Monday, 21 August 2017

Welsh life seldom depicted by BBC Wales, says content chief

 Sian Gwynedd

There is more coverage in the media about the lack of in-depth portrayals of Wales on BBC TV.  The issue has been highlighted in a discussion at the recent National Eisteddfod.  This time the BBC speaker has been Sian Gwynedd, saying very similar things to Rhodri Talfan Davies a few months ago.  It;s all very well for senior  BBC figures to be making these sorts of points -- but hang on a minute.  Aren't they the people creating the BBC Wales policy and implementing it?   They are effectively criticising their own shortcomings.   Or is it all much more complicated than that?  (It usually is!!)  Maybe they have their plans and they want to implement them, but are being held back all the time by restrictions placed on them by BBC HQ in London?  Watch this space...........


Wales not well-represented on BBC television, says content chief

9th August 2017

There hasn’t been enough content depicting Wales on the corporations’ UK-wide channels, according to BBC Wales’ Head of Content.

Although many BBC programmes were made in Wales, such as Dr Who and Casualty, Welsh life was very seldom depicted in them, she said.

She added that the BBC had a duty to present the history of Wales to the people of the country, but also to a UK-wide audience.

Sian Gwynedd was speaking at an event organised by Cardiff University at the National Eisteddfod today.

Presenter Angharad Mair, who was also on the panel, said that there was a tendency to present the Welsh people like “monkeys in a zoo” on programmes presented by outsiders.

“Not only are we not depicted enough, but I’m also disappointed with the way we’re depicted,” she said.

“We don’t complain enough,” she added, noting that the BBC went to greater lengths to placate their audience in Scotland.

Not fielding presenters who had an intimate understanding of Welsh culture betrayed a lack of confidence in ourselves, she said.

Sian Gwynedd said that there had recently been an increase in the use of Welsh presenters, such as Nigel Owens, fronting UK-wide programmes.


These are three of the key drama people working for BBC Wales:  Nick Andrews, Sian Gwynedd, and Simon Winstone

Nick Andrews
Head of Commissioning

Nick leads BBC Wales commissioning across television, iPlayer and interactive platforms. He is part of the Commissioning Group which brings radio, television and online together for the first time to share cross-platform ideas and seek out bigger, bolder content.

Head of Development at BBC Wales from 2015-2016, he previously had a wide-ranging career. His impressive track record of winning network commissions includes The First World War From Above and Scott’s Hut for BBC One, BBC Two’s Operation Crossbow and he contributed to the development of BBC Three’s The Call Centre. Nick also led planning for BBC Wales’ season of programming to mark the Dylan Thomas centenary.

He is also an award-winning producer and director. His documentary Roger: Genocide Baby won him the BAFTA Cymru Breakthrough award and it was followed by another BBC Three film, I Woke Up Gay. He has also worked for Radio 1, BBC Radio Wales and as a director on The One Show.

Sian Gwynedd
Head of Content Production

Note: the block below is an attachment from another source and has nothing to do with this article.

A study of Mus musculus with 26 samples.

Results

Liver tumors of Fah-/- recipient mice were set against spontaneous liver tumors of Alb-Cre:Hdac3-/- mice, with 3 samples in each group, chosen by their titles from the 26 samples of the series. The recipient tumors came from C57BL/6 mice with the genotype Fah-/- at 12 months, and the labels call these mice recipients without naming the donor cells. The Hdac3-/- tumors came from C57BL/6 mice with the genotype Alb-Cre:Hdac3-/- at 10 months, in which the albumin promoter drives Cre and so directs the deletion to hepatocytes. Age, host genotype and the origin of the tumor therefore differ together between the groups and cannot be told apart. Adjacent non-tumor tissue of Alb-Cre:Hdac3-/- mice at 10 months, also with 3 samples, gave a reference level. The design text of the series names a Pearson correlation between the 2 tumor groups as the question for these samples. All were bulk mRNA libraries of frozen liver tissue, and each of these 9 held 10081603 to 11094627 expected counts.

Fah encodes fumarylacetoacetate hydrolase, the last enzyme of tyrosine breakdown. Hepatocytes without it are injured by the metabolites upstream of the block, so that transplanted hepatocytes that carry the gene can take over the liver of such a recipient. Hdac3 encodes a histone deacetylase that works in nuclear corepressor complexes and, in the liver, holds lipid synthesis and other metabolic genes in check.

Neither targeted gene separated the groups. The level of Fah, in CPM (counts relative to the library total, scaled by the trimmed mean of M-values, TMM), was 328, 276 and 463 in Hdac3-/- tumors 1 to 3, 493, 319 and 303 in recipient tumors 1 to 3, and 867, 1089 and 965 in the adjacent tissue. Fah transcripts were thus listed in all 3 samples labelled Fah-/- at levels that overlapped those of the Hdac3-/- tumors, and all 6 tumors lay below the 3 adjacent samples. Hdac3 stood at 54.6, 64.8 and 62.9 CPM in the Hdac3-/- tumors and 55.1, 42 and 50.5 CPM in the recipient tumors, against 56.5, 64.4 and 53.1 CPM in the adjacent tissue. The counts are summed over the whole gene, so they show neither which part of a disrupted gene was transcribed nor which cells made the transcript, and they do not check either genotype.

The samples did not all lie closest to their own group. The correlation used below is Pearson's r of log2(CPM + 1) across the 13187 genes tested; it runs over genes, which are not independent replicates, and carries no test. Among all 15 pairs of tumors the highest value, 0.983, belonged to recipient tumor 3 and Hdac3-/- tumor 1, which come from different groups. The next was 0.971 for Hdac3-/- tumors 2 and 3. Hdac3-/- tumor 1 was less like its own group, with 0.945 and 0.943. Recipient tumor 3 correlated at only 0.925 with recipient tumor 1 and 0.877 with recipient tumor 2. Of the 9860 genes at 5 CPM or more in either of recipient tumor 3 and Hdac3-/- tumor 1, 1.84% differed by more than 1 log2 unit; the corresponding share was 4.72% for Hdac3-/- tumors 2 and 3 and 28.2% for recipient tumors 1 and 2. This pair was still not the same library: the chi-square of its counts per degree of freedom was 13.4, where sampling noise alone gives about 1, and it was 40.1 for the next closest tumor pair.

Sian is responsible for driving collaboration and development across the production community as well as a wide portfolio of responsibilities. She leads on the development of the partnership with S4C, an industry-leading approach to production talent, on-screen diversity and BBC Wales’ network radio output.

Sian was Head of Welsh Language Programmes and Services from 2012 – 2016 and Editor of BBC Radio Cymru 2006-2012.

Sian has a background as a journalist and joined the BBC in 1994 as a researcher with Radio Cymru news. She was appointed Editor of Newyddion in 2003. During the past 20 years she has worked in Wales as a journalist for newspapers and magazines, and as a reporter and producer for a number of radio and television news programmes. Originally from Bala she was educated at Ysgol y Berwyn, Y Bala and Newnham College, Cambridge, where she read Anglo-Saxon, Norse and Celtic and History.


Simon Winstone
Head of Drama - Wales

BBC Studios, the BBC’s main TV production arm, has appointed Simon Winstone as Head of Drama - Wales, to lead its world-class drama series and serials business, based at Roath Lock in Cardiff.
BBC Studios, that launched as a commercial subsidiary in April 2017, produces a raft of multi-award-winning drama in Wales, including Doctor Who, War And Peace, Casualty and Russell T Davies’ A Midsummer Night’s Dream.

Simon will be responsible for overseeing the drama series and serials team and productions based in Cardiff, building on their creative success and seeking out new opportunities, as BBC Studios can now make programmes for other broadcasters and channels in the UK and internationally, as well as the BBC.

He joins BBC Studios from Red Planet Pictures, where his roles included Head of Drama (Wales), Head of Development and most recently Executive Producer. His impressive credits include Death In Paradise, Crash, The Nativity, By Any Means, The Passing Bells, Dickensian and Hooten And The Lady.

Nick Betts, Director of Scripted, BBC Studios says: “Simon is a highly talented and experienced creative, who has already contributed to the success of two of BBC Studios’ biggest dramas over the years - EastEnders and Doctor Who. I am delighted to be welcoming him to BBC Studios at this exciting time.”  Simon reports directly to Nick Betts.